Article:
Owlboy is set in a future where the land has drifted into the sky after being separated by a cataclysmic event. You take control of Otus, a shy, mute member of an owl-human hybrid race known as the Owls, the so-called protectors of these floating islands. When Otus' village, Vellie, is attacked by pirates he sets off with his friend and companion Geddy on a grand quest to save a dying world and stop the pirate overlord, Captain Molstrom.

Owlboy's story slowly unfolds at a comfortable pace, revealing hidden depth and a tale that is not as straightforward as you might think. In some ways Owlboy echoes D-pad Studio's previous game, Savant: Ascent, in that it contains similar shooting and platforming mechanics, although Owlboy greatly improves on the formula by adding a fully realised and compelling story with emotional range. One thing that may surprise you about D-Pad Studio's long-awaited adventure is the presence of serious undertones woven into the narrative. Through the characters portrayed in the game and how they interact with each other, the player is exposed to experiences such as bullying, loss and forgiveness, and how these issues can affect people. Ultimately it seems the game is about acceptance, as many of the companions and friends Otus makes throughout the game were once enemies, but when he comes to understand them and their stories he accepts them for who they are and the choices they have made, as they do him.



Mechanically, this colourful tale of friendship is deserving of praise. The premise is quite simple on the surface. Otus is an owl-human hybrid and therefore can utilise the power of flight. He then uses this ability to pick up his friends and carry them around the vibrant 8-bit inspired landscape. Otus' companions also have various unique abilities and depending on which one he is carrying, his offensive capabilities change, although you can switch between them in real-time. Building upon this mechanic it blends what you would usually expect from a Metroidvania-style game, but breaks out of the expected tropes of this style by adding straight puzzle elements, R-Type style shooter sections, and at times seamlessly switching back to straight platforming action. What sets Owlboy apart from similar hi-bit, 2D inspired games is it mixes these styles in a smooth, effortless way that seems to fit the characters and the story, which is no easy task with so many gameplay styles at work. Of course what is really important in any homage to retro platformers is the boss battles, and Owlboy does not fail to deliver here either. The bosses offer interesting, well thought out engagements that find that perfect balance between challenging to a certain degree, yet not frustrating.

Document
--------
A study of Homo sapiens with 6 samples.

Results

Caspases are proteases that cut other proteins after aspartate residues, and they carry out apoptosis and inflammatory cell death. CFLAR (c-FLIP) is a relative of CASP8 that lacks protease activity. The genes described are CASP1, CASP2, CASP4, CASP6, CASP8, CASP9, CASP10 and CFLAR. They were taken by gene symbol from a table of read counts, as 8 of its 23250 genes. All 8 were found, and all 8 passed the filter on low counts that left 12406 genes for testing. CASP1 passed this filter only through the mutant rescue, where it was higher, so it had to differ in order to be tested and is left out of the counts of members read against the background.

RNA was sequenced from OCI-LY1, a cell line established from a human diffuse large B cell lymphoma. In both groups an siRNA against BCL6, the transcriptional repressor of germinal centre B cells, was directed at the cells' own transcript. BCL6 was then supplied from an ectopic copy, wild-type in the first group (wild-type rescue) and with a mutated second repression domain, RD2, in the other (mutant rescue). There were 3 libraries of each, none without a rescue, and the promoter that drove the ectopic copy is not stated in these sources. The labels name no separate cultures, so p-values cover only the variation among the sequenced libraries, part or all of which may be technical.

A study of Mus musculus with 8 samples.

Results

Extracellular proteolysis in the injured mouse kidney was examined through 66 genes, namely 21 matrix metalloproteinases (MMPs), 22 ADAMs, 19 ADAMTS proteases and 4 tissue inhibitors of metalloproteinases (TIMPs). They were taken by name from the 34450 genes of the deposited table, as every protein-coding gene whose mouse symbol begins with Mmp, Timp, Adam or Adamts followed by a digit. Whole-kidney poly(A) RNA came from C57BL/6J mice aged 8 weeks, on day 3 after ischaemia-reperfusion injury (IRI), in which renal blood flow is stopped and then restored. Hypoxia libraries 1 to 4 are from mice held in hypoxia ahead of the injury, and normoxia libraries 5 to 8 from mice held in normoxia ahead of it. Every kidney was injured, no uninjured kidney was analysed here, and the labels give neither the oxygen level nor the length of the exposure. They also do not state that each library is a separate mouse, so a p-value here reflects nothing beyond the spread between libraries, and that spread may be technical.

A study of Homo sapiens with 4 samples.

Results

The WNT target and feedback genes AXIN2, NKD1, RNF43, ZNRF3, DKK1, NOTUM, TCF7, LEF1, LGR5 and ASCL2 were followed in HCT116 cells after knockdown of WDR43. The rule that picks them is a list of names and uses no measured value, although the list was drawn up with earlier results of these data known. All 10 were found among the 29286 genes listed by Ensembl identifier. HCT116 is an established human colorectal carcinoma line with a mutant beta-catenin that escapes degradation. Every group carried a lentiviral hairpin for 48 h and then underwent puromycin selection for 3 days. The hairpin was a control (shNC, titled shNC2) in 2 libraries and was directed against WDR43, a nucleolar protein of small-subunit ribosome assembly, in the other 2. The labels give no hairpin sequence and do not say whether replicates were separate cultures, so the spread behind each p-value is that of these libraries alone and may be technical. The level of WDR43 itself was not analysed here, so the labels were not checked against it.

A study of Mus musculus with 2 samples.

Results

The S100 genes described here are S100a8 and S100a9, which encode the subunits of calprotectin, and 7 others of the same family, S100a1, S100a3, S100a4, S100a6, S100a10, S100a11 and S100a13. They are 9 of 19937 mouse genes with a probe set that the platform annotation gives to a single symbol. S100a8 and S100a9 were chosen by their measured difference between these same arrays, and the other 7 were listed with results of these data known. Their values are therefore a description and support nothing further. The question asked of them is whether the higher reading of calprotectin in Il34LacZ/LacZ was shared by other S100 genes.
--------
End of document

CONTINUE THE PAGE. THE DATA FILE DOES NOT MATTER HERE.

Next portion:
Some modernised 2D platformers/shooters struggle to live up to the classic inspirations they draw from, adding nothing to the genre they seek to revitalise, Owlboy doesn't suffer from this fallacy. In this way an analogy could be made between Owlboy and Shovel Knight, in that they both add value to the aged genre they were inspired by, beyond just nostalgia, and in fact move the classic formula back into the modern world of gaming.

Overall Owlboy accomplishes what it sets out to achieve. It gives players an engaging, fun and charming 2D platformer/shooter with a compelling storyline featuring lovable characters that will entertain fans of the genre and newcomers alike.

09 Gamereactor UK
9 / 10
Beautiful 8-bit inspired pixel art that pays homage to the classics, An interesting and thought provoking story that features interesting characters and has serious undertones, Smooth transitions between gameplay mechanics.
A lack of replayability.
overall score

"Some modernised 2D platformers add nothing to the genre they seek to revitalise, Owlboy doesn't suffer from this fallacy."